It’s a common misconception that marketing and PR are somewhat interchangeable, or that PR is purely a marketing function.
But one of the fastest ways to alienate a journalist is to treat them like they are there to market your company or product.
The purpose of journalism is to report the news that matters to their audience, not to make you look good - even if that can be the outcome of quality PR.
To shine in the media requires a completely different strategy to what is involved in marketing your product or service.
Here we explain why this is the case.
The goal of marketing is to encourage potential and current customers to buy your product or service.
The goal of PR is instead to build the credibility and broad market understanding of your company by convincing high-quality, credible, and independent journalists to report your news.
This builds your credibility in the eyes of a large variety of stakeholders, with customers being just one of these. Revenue is also often the least valuable and most short-sighted outcome of PR activities.
More valuable, long-term, and strategic outcomes include improving the value of your company in capital markets and for fundraising, attracting and promoting partners or portfolio companies, influencing government and/or policy, influencing or preventing regulatory changes, getting on the radar of key local and global industry stakeholders, and attracting and retaining the best talent from around the globe.
Different Target audiences
The target audience of marketers is generally limited to current and future customers, or distribution partners.
On the contrary, PR activities should reach and influence every single category of stakeholder with the ability to impact the success of the company: industry bodies, investors, government and legislators, regulators, potential partners, influencers, industry peers, broader society, and the media itself.
These audiences cannot be “sold” to. Rather, they need to be influenced, over a longer period of time, on a range of high-level topics and issues.
Marketing ROI is often measured in terms regarding customers and revenue: cost per acquisition, customer lifetime value, and customer retention rate. The marketing budget is often also many multiples more than the PR budget, because advertising activities cost money.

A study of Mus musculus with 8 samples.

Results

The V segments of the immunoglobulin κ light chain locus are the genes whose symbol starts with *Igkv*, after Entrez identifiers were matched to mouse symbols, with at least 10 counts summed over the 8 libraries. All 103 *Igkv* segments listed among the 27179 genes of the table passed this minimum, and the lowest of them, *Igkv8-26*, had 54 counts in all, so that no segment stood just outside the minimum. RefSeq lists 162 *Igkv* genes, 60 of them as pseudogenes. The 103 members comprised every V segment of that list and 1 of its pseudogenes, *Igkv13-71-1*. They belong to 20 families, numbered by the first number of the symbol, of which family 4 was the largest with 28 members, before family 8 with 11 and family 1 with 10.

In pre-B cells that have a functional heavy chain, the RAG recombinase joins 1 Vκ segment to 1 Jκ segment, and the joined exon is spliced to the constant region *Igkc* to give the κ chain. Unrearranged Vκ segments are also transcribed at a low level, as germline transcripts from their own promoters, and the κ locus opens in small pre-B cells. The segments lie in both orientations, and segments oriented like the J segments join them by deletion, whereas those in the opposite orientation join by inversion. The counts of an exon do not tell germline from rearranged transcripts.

ROI for public relations is instead measured by 1) the volume of positive media coverage your company receives and 2) the breadth and depth of influence, credibility, and understanding that this creates within your target audiences.
This could look like many different things, depending on your company’s needs:
Important journalists reciting your key messaging about your industry, or using you as an example in their stories
Investors, brokers, and the broader capital markets knowing all about your company before you’ve even introduced yourself - making capital raising significantly easier and potentially raising valuations
Securing a very large investment round ahead of your lesser-known peers and/or investors competing with each other to win your favour and an allocation
Being selected as a keynote speaker at important events
Having your opinions repeated by influencers across various channels
Government policy, regulatory changes, or legislation leading to positive commercial outcomes
NOT being mentioned in negative media stories
These outcomes can be achieved with a budget of $10k to $20k per month over 6 to 12 months, instead of hundreds of thousands or millions of dollars in advertising and sponsorship spend.
The influence and credibility could also endure well beyond when any ads stop running.
Marketing activities are largely paid for, or self-published. So you’re not convincing anyone else how interesting or truthful you are - you just have to pay for the space.
Of course, you still need to be engaging and credible for your marketing activities to translate into sales! But you are still guaranteed any space you pay for.
PR, on the other hand, involves convincing a credible and independent journalist to publish your content or ideas.
This journalist has likely received thousands of similar pitches that same week. He or she also probably has a very finely-tuned bullshit detector.
Journalists will be extremely put off, and ignore you, if they think you are exaggerating claims, concealing important facts, or pressuring them to run a “puff piece” that resembles marketing collateral.
So it’s critical your content is valuable to the journalist and their readers - and shameless self-promotion will not cut the mustard.
This is why coverage in third-party media channels is often considered far more legitimate and credible than anything obtained through marketing channels.
Marketing activities are often project-based and seek to drive instant, tangible sales success.
The benefits and value of public relations, on the other hand, tend to accrue over years of consistent investment in strategic communications and activities.
As a result, public relations must be approached as a strategic, high-level, and long-term investment in the success of the company.